Harpenden golf club boost funds for children's charity

Captains Peter Hart and Cathy Gosling, from Harpenden Golf Club, present the donation to the AT Society

Captains Peter Hart and Cathy Gosling, from Harpenden Golf Club, present the donation to the AT Society. - Credit: Harpenden Golf Club

Harpenden golf club members have raised almost £30k for charity.

Captains at Harpenden Golf Club planned a range of fundraising events for this year and, in spite of the coronavirus thwarting some of their original plans, they were undeterred. 

Their fundraising efforts brought in £29,315.88 for The AT Society, the only UK charity supporting children and young people living with the life limiting, disabling condition ataxia telangiectasia (AT).

Men's captain Peter Hart challenged himself to lose 26 pounds in three months. He exceeded his goal, losing a total of 28.2 pounds and he also raised £12,000.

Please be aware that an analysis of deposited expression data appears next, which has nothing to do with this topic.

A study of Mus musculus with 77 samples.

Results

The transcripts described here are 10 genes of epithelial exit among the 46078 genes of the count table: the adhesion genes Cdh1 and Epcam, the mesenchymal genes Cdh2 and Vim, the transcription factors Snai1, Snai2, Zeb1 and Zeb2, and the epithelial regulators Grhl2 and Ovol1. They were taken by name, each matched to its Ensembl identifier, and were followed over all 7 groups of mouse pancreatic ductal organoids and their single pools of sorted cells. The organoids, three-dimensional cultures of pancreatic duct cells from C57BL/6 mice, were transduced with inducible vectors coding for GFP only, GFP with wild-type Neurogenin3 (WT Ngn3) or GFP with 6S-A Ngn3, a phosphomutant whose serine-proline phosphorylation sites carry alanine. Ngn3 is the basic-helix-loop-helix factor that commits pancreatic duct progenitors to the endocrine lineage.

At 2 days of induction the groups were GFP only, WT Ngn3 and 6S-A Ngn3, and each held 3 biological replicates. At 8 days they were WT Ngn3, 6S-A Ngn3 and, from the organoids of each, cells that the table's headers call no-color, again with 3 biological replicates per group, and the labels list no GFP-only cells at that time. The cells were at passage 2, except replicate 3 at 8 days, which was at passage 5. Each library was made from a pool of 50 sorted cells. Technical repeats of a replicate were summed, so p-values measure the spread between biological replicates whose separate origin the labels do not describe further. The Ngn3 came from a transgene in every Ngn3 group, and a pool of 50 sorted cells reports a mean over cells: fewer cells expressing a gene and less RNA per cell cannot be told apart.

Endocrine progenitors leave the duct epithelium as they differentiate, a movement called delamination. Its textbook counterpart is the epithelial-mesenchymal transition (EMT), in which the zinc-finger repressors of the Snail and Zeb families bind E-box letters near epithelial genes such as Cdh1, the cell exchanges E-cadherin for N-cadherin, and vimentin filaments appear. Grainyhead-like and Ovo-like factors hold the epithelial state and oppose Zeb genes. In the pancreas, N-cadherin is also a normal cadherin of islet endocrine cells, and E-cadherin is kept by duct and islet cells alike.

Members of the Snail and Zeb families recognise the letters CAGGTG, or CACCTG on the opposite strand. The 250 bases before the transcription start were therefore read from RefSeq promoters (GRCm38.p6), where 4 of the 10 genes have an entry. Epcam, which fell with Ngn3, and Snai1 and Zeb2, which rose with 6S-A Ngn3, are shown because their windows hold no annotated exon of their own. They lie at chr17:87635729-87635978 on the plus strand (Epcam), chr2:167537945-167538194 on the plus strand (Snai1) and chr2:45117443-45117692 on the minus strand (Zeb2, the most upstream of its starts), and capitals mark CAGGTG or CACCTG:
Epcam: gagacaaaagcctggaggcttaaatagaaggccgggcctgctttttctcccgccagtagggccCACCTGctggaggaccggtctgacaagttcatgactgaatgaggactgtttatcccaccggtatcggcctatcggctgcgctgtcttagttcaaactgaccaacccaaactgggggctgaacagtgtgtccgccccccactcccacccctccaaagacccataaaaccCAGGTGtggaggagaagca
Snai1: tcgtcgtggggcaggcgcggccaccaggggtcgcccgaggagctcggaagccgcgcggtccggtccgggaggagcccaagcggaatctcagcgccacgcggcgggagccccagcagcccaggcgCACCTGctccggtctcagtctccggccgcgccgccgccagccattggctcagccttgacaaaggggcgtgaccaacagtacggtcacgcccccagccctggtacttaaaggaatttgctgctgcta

Ladies’ captain Cathy Gosling said: “Having an existing relationship with the AT Society, my decision to support the charity was a very easy decision. I wanted to help expand the society’s awareness locally and was delighted Peter joined forces. His talent for fundraising was unknown to me when we started our year last October and despite the very difficult Covid-19 restrictions the fundraising achievement was just amazing.”

Director of fundraising and operations for The AT Society Susie Norbury said: “We would like to extend our heartfelt thanks to the members at Harpenden Golf Club. The pandemic has meant that we are facing the reality of the biggest reduction in our income that we have ever seen.

"This is a very valuable contribution that will help us continue to be there for AT families at a time when they need us most. We have had to adapt our services to ensure the support and care we are able to provide to AT families has not been compromised and our research work has continued. We are extremely grateful to the members of the Harpenden Golf Club for supporting us and ensuring that we can continue to make a difference."